Jane Addams Memorial
Many New York City public parks and playgrounds are named in honor of prominent figures in New York City and American history.
The Jane Addams Memorial, in Manhattan’s City Hall Park, inadvertently honors an LGBT individual.
This memorial, dedicated in 1935, in City Hall Park commemorates the 75th birthday (and the year she died) of progressive social reformer and activist Jane Addams (1860-1935). It also inadvertently honors her LGBT history. Addams was a leader of the American settlement house movement in the late 19th and early 20th centuries. In 1889, she co-founded Hull House, the first settlement house in the United States, in Chicago’s poor, industrial west side. Settlement houses were established to provide educational, recreational, artistic, health, and support social services to urban poor and immigrant communities. Hull House also addressed such complex issues as child labor, public health reform, labor laws, and race relations. Addams became internationally respected for her peace activism and won a Nobel Peace Prize in 1931, the first American woman to receive this honor. She had at least two long-term same-sex relationships – one of which, with Mary Rozet Smith, lasted 40 years.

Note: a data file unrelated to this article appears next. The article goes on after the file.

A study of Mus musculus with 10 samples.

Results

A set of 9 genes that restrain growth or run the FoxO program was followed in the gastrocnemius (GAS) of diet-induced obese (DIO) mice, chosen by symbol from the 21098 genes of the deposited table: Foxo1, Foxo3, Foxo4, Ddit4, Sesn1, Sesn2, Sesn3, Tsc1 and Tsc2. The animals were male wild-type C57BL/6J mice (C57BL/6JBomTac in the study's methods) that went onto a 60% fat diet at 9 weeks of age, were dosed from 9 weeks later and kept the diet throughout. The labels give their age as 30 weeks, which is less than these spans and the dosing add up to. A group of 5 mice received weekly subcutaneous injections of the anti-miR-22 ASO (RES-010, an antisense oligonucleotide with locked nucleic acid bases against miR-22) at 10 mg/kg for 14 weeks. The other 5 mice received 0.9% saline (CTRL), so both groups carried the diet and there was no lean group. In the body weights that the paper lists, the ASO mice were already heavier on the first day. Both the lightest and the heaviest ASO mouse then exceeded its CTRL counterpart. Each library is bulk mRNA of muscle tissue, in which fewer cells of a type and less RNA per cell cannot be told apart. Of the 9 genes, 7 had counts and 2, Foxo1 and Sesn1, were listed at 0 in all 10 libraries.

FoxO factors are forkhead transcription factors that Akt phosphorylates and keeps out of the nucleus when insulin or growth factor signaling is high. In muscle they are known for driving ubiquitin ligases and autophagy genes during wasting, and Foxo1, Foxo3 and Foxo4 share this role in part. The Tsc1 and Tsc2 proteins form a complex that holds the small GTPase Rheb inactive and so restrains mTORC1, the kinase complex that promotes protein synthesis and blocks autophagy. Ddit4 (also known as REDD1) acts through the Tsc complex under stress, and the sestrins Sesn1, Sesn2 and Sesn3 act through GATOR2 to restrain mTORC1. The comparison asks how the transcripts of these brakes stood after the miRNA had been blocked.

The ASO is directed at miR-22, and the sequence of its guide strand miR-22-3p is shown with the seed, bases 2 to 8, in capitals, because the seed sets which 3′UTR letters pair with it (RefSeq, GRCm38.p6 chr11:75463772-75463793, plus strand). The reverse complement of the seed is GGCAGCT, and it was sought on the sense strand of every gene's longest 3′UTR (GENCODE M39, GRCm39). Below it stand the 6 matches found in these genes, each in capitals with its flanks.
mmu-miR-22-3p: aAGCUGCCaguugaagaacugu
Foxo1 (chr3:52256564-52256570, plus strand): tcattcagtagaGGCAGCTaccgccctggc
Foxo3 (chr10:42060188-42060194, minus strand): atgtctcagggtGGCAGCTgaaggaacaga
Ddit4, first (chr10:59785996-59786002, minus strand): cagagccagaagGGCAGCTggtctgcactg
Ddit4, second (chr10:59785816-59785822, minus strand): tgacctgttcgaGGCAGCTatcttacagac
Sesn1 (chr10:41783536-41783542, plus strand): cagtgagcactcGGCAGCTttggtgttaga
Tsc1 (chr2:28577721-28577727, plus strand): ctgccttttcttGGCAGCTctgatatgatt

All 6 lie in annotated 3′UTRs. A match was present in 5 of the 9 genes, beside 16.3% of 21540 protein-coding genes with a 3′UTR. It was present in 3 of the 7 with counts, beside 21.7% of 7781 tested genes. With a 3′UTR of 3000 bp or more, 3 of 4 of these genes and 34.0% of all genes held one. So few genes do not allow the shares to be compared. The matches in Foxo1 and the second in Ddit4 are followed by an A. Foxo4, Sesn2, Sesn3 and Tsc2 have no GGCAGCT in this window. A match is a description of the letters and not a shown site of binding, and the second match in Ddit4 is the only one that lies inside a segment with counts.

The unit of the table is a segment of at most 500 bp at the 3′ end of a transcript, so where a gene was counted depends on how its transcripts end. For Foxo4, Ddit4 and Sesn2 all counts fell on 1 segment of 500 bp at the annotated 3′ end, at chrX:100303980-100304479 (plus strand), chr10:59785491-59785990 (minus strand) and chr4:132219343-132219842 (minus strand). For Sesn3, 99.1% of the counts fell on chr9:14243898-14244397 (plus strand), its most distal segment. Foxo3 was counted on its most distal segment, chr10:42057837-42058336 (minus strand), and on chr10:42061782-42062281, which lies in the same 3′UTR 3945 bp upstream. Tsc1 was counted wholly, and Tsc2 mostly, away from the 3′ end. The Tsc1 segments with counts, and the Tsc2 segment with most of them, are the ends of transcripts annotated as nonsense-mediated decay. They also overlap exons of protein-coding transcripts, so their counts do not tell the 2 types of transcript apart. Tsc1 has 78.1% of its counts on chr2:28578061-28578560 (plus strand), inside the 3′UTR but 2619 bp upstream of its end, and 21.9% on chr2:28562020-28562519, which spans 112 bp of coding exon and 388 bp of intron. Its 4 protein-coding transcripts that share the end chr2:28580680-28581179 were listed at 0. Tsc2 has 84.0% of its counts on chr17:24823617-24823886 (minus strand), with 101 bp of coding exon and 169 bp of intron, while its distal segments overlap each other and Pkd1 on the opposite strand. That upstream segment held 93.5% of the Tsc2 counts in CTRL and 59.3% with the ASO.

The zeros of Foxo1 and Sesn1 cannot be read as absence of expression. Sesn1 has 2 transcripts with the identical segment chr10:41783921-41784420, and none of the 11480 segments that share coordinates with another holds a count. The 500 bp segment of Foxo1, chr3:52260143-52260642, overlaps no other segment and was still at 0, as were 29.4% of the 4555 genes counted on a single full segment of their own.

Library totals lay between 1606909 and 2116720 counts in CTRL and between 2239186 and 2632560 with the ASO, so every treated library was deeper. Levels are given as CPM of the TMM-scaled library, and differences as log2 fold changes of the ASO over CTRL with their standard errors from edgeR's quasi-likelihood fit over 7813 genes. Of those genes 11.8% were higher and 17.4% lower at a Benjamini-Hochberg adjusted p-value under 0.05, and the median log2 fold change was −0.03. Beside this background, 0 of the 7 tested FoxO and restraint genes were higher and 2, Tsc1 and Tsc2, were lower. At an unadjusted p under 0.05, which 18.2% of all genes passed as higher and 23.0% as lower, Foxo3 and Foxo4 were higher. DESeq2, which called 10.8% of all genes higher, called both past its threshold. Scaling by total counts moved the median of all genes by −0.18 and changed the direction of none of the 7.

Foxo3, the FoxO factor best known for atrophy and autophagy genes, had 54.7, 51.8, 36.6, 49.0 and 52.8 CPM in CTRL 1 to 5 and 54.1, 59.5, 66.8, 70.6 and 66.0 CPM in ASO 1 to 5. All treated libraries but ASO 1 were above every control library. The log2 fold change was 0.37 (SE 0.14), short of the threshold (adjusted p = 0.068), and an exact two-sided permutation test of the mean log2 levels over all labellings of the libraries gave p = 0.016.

This memorial was donated by the Women’s International League for Peace and Freedom, celebrating Addams’ role as founder.
Debra Michals, PhD, “Jane Addams,” National Women’s History Museum, 2017, bit.ly/39JjSTj.
“Jane Addams,” The Chicago LGBT Hall of Fame, bit.ly/2YFH3HQ.
“Jane Addams Memorial,” NYC Department of Parks and Recreation, on.nyc.gov/3AHaIBG.